Nail Deformities

What is it?

Your nails are made of hard skin cells called keratin. Their function is to protect the ends of the fingers and toes but they are also useful for scratching and picking things up. The nails on your fingers take about 3-6 months to fully grow whereas the nails on your toes can take 8-12 months. This can vary greatly from person to person depending on general health, circulation and age. There are many deformities that can affect the nails, some are easier to resolve than others and some are permanent.

Common nail deformities

Thick nails

  • Usually appear darker than normal and can occasionally be painful especially when cutting.

  • Caused by trauma sustained over a long period of time – such as wearing tight fitting footwear or playing sport – or obtained in one traumatic incident. They may also be inherited.

  • Unfortunately, this is a permanent deformity but can be made more comfortable and less unsightly by regular filing or drilling of the nail by a podiatrist. Picking or trying to clear the skin underneath will not help; in fact, it can make the problem worse

Horizontal lines or grooves

  • Caused by a temporary cessation of nail growth. This may be due to malnutrition or an illness.

  • Treatment for this condition is not necessary, as the lines will grow out with the nail.
     

Black spots

  • This is often bleeding under the nail plate caused by trauma. Depending on the severity of the trauma, it is not unusual for the entire nail to become loose and fall off. If the nail is loose, it is best that it is removed completely to allow the new nail to grow through without any resistance. If left on, the old nail can cause pain and deform the new nail growth.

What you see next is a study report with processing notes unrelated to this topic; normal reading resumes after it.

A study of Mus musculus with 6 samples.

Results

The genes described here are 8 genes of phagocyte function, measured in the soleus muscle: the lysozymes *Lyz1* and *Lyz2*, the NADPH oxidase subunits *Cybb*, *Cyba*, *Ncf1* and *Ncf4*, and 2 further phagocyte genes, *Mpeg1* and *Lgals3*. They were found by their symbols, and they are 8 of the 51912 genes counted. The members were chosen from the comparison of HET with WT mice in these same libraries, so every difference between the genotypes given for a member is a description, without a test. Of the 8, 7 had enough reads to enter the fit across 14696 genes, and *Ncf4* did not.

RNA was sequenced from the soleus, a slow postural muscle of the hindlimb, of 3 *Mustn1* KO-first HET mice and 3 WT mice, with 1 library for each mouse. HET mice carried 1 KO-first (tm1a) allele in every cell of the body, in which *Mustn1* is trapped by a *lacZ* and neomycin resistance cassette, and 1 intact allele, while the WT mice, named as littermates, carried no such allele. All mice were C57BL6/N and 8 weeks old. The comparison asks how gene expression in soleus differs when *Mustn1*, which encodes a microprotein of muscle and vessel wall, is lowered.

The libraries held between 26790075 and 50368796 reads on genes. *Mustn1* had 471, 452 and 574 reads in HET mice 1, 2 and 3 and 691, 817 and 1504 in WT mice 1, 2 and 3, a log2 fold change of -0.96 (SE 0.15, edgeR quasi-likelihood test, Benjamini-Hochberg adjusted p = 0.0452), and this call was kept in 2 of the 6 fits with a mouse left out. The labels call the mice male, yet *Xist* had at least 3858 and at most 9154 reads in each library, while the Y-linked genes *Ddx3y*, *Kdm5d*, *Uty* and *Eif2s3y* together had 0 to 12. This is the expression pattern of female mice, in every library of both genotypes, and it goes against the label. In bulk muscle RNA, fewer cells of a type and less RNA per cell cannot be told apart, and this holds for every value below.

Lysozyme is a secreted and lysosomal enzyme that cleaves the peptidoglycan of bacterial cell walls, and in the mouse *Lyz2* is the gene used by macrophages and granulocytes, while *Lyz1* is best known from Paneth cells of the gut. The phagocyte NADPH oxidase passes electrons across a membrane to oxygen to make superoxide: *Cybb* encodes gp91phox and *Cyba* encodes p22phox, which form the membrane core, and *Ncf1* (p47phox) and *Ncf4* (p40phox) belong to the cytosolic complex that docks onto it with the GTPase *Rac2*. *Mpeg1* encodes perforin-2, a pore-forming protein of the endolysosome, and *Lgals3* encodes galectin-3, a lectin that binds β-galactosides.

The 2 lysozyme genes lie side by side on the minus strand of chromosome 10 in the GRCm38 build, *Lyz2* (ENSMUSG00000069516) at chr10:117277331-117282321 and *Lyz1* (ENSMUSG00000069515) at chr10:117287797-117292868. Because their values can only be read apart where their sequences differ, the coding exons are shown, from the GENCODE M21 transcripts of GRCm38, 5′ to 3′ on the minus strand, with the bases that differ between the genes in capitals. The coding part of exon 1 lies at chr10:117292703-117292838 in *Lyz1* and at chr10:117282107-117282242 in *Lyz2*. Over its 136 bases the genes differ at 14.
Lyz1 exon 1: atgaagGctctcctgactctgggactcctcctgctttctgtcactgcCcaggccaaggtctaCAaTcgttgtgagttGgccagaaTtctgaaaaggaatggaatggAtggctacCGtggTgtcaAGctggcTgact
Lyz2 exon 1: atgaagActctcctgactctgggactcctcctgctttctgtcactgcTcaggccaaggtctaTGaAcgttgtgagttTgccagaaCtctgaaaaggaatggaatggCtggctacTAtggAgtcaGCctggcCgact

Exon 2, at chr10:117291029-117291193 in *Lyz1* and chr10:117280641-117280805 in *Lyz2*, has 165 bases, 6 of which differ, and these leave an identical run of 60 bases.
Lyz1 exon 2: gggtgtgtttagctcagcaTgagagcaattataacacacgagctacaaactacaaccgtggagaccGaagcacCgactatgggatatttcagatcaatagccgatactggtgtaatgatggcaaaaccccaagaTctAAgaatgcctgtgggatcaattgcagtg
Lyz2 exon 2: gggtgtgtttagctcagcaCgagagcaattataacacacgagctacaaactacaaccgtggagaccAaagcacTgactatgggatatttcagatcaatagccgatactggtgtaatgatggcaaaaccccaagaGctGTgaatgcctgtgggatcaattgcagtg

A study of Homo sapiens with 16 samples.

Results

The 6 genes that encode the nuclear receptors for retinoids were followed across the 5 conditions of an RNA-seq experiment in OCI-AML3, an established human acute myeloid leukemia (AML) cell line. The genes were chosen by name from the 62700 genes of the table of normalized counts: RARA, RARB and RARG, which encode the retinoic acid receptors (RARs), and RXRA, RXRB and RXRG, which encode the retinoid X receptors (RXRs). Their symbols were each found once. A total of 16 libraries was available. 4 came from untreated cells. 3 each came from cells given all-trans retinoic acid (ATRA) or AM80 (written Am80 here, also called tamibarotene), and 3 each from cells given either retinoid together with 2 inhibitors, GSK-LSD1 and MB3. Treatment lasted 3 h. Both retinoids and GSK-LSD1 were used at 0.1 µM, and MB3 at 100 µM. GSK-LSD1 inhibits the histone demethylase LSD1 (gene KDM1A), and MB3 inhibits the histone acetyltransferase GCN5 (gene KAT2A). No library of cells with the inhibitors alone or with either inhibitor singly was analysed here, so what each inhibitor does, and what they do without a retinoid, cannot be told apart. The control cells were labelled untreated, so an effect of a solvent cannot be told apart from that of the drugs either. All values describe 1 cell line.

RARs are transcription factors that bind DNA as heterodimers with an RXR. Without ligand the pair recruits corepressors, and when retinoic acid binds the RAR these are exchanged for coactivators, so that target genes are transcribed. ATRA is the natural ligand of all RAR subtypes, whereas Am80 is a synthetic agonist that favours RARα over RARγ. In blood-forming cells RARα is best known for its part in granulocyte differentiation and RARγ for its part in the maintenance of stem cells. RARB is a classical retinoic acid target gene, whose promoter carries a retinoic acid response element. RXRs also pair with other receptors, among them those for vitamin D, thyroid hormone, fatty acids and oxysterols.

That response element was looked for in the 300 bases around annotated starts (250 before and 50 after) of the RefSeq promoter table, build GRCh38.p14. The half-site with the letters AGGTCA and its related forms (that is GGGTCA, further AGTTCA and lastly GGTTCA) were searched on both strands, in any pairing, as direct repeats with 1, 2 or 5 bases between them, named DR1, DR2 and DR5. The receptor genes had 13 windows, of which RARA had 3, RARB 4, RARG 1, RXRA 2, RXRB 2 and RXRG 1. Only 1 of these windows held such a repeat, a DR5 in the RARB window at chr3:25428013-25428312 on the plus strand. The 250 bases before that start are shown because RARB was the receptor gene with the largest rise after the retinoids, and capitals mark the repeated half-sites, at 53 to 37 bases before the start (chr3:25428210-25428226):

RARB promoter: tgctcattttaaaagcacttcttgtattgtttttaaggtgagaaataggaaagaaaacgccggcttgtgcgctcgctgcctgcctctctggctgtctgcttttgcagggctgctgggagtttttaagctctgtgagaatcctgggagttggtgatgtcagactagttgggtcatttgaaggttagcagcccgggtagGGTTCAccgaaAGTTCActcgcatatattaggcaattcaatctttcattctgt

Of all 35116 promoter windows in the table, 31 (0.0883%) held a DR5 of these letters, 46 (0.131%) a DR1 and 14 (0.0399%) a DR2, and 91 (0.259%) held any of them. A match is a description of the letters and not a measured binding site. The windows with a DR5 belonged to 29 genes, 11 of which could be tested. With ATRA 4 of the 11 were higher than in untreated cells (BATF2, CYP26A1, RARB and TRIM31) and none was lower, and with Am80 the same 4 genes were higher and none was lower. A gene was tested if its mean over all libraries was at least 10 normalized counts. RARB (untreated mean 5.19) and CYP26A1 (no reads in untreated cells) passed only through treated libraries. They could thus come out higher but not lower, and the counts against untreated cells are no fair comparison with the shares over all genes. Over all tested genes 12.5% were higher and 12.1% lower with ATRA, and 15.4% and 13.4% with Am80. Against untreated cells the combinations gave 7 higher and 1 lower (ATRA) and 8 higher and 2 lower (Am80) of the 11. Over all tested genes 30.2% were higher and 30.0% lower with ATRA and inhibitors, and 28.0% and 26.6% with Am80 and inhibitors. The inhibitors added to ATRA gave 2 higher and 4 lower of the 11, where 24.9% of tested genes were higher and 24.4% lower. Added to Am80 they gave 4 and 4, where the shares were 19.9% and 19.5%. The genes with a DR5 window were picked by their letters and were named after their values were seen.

• Initial treatment can include applying an ice pack to reduce the bleeding. Your podiatrist can make a small hole in the nail plate to allow the blood to leak out which will reduce pressure and save the nail from coming off.

  • Rarely, a black spot may be a melanoma under the nail.

Curved or involuted nail

  • These can vary from slightly curled at one or both edges, to the nail curling in completely to form a tube. Caused by pressure from footwear or neighbouring toes or by growth of skin underneath. They may also be an inherited.

  • Due to the shape, these nails can cause pain and discomfort as the skin is pinched or pressed along the edge of the nail.

  • Treatment can include either leaving the involuted side to grow out to the end of the toe or cut down the side at an angle to remove the curled edge. Your podiatrist will be able to do this very effectively and may pack foam under the remaining corner to encourage the nail to flatten out. If the pain cannot be managed with regular treatment, a simple procedure may be required to permanently remove the curled side

White patches

  • These can be caused by trauma or a fungal infection.

  • Where the nail becomes separated from the nail bed and appears as a white patch, this is known as Onycholysis. Onycholysis is caused by trauma - from shoes or a neighbouring toe pressing against the side of the nail - thyroid disorders, some skin conditions or may be idiopathic (without cause).

  • Treatment for onycholysis is dependent on the cause.